Lab Dedicated To Developing AIDS Vaccine Set To Open In Brooklyn
The only lab of its kind in the world solely devoted to creating an AIDS vaccine is set to open its doors in Brooklyn later this week. NY1's Kafi Drexel filed the following report.
The lab, created by the International AIDS Vaccine Initiative, is the first occupant in a nearly 500,000 square foot biotechnology park the city is trying to build at the terminal. The sole purpose of the space: the creation of an HIV vaccine.
The lab, which has a long-held affiliation with SUNY Downstate, will draw in scientists from all over the world.
"Essentially this will be a hub. We actually have this as a part of a network that includes Oxford, the Scripps Research Institute in La Jolla that includes a laboratory that we are also expanding in India," explained Michael Goldrich, chief operating officer and executive vice president of the AIDS Vaccine Initiative. "So it's almost like taking a global pandemic and solving it scientifically globally."
Following the failure of a vaccine candidate from Merck last year, scientists are hoping the nearly 40,000 square foot facility, at a cost of about $17 million, will help accelerate the search for an effective one. Sitting right on the water, a ferry will help cart scientists back and forth to work.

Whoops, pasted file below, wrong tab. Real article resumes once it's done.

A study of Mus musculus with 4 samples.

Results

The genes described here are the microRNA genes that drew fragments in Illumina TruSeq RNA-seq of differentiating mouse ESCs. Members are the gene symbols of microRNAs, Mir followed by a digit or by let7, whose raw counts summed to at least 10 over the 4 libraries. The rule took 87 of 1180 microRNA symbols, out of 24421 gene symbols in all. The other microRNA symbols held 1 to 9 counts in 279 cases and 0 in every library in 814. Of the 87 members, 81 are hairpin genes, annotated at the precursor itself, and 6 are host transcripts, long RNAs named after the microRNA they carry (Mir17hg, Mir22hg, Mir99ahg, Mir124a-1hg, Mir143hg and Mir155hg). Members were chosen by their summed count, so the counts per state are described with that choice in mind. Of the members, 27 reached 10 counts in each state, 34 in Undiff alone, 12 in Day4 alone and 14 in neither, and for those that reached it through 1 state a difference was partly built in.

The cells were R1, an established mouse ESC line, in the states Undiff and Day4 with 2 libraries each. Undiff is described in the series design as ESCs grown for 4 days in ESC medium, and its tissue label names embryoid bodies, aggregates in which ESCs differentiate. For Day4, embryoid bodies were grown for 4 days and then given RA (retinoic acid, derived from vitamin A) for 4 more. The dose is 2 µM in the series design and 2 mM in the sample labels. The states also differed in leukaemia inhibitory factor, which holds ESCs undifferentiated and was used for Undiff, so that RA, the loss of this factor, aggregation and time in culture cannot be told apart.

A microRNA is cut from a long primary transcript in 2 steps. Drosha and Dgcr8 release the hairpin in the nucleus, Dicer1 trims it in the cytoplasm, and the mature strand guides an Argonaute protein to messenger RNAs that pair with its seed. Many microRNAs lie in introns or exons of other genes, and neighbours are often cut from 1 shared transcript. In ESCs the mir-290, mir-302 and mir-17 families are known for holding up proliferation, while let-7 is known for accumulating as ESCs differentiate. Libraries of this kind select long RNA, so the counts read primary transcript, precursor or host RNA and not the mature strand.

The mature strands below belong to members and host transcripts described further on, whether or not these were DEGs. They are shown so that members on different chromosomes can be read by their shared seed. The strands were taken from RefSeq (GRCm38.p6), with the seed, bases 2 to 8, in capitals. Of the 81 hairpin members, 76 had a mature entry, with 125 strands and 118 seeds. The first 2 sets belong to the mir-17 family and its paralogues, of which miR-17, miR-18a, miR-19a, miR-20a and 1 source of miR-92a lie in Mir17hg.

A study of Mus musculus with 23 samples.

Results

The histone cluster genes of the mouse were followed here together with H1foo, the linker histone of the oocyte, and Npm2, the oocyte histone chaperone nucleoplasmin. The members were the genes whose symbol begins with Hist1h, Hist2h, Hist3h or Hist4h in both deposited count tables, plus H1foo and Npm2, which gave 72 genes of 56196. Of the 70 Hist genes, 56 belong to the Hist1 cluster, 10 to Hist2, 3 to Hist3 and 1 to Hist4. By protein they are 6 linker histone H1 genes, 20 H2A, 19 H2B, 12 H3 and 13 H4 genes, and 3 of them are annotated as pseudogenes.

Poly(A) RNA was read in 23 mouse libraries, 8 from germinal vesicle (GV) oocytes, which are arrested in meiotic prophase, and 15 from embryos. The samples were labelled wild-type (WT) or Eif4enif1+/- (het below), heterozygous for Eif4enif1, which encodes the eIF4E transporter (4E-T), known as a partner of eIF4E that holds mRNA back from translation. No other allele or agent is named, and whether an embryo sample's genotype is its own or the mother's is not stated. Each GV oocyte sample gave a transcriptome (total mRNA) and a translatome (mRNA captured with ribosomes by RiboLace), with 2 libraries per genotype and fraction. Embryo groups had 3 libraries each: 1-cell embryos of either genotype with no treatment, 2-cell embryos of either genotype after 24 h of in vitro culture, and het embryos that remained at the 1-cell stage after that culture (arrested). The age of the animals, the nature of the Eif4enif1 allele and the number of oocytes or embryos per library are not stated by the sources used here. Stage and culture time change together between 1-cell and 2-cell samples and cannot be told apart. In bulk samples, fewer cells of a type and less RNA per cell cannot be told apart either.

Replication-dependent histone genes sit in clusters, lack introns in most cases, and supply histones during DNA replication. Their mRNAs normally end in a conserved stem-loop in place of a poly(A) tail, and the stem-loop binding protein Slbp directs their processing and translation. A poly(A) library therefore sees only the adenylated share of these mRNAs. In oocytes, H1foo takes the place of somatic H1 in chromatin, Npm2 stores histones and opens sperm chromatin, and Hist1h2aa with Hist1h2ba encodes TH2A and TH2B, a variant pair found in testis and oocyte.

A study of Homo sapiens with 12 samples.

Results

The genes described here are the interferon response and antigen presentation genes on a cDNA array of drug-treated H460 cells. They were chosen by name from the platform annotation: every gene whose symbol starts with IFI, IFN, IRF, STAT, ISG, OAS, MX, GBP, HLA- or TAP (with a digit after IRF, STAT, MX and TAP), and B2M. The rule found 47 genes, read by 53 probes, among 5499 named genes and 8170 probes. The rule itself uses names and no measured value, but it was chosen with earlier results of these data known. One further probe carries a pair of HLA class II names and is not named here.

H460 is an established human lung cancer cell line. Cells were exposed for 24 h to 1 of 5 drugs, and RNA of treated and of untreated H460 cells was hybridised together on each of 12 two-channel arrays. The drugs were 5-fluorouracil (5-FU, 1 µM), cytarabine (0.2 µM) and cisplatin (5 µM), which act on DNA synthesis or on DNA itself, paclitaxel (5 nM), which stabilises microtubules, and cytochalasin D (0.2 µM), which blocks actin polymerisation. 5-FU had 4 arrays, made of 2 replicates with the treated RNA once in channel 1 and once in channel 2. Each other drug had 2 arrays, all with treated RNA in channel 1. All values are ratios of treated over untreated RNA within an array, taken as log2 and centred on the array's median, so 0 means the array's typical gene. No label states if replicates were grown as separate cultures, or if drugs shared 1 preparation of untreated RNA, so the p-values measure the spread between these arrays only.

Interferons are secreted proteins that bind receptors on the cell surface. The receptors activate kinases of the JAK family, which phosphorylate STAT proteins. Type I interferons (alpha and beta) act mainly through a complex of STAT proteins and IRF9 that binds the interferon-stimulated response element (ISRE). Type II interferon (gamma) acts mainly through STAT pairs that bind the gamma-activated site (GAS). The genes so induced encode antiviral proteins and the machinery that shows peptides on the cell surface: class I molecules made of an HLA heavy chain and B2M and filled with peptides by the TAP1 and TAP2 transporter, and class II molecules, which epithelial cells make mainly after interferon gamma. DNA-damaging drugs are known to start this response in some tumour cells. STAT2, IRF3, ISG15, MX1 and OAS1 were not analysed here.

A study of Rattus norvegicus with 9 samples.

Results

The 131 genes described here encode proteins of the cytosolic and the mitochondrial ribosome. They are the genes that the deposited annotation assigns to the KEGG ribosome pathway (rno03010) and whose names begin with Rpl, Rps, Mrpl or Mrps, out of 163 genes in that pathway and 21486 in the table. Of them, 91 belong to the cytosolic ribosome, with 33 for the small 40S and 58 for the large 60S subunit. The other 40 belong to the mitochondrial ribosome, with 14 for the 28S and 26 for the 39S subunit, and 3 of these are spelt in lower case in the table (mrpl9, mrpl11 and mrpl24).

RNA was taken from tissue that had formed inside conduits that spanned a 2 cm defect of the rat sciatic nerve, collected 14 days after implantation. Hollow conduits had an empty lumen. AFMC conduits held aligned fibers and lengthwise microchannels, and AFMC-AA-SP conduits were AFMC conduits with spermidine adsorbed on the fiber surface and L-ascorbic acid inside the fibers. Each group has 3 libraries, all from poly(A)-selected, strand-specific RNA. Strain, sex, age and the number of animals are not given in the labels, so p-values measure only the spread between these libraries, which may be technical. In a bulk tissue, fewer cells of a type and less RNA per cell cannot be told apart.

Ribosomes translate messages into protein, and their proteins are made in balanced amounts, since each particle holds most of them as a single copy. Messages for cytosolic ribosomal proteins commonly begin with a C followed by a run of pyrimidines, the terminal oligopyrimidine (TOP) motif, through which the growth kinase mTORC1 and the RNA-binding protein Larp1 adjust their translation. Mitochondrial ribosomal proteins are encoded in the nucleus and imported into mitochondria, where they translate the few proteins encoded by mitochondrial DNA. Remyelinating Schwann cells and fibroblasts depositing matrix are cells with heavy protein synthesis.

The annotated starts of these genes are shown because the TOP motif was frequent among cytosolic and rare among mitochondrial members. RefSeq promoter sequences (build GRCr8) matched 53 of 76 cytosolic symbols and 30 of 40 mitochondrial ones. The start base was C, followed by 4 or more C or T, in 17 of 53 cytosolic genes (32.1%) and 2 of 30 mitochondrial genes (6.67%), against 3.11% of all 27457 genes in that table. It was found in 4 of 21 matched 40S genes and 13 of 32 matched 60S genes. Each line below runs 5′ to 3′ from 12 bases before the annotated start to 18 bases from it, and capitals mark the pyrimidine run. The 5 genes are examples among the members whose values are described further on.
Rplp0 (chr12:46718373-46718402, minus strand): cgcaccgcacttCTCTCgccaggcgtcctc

Already home to a number of academic research facilities and major pharmaceutical companies, city officials have long argued New York has the potential to become one of the top biotech centers in the world. They see the AIDS vaccine lab as a great first step.
"AIDS has had a devastating effect on the people of New York, and what better way of the city to ensure its future than to solve one of the great health scourges facing the people here in New York," said NYC Economic Development Corporation President Seth Pinksy.
While there's been some progress in the past 25 years in the realm of AIDS vaccine science, there are so many challenges that remain and scientists here say the lab was designed to meet those.
"The whole point of the laboratory is to see what we can do to trick our immune systems into believing that HIV is a real pathogen, and then in fact, make a vaccine candidate that will cause those immunologic responses to block infection and control it," said AVDDL director Dr. Timothy Zamb.
Hopefully this new lab will help them get closer to their goal.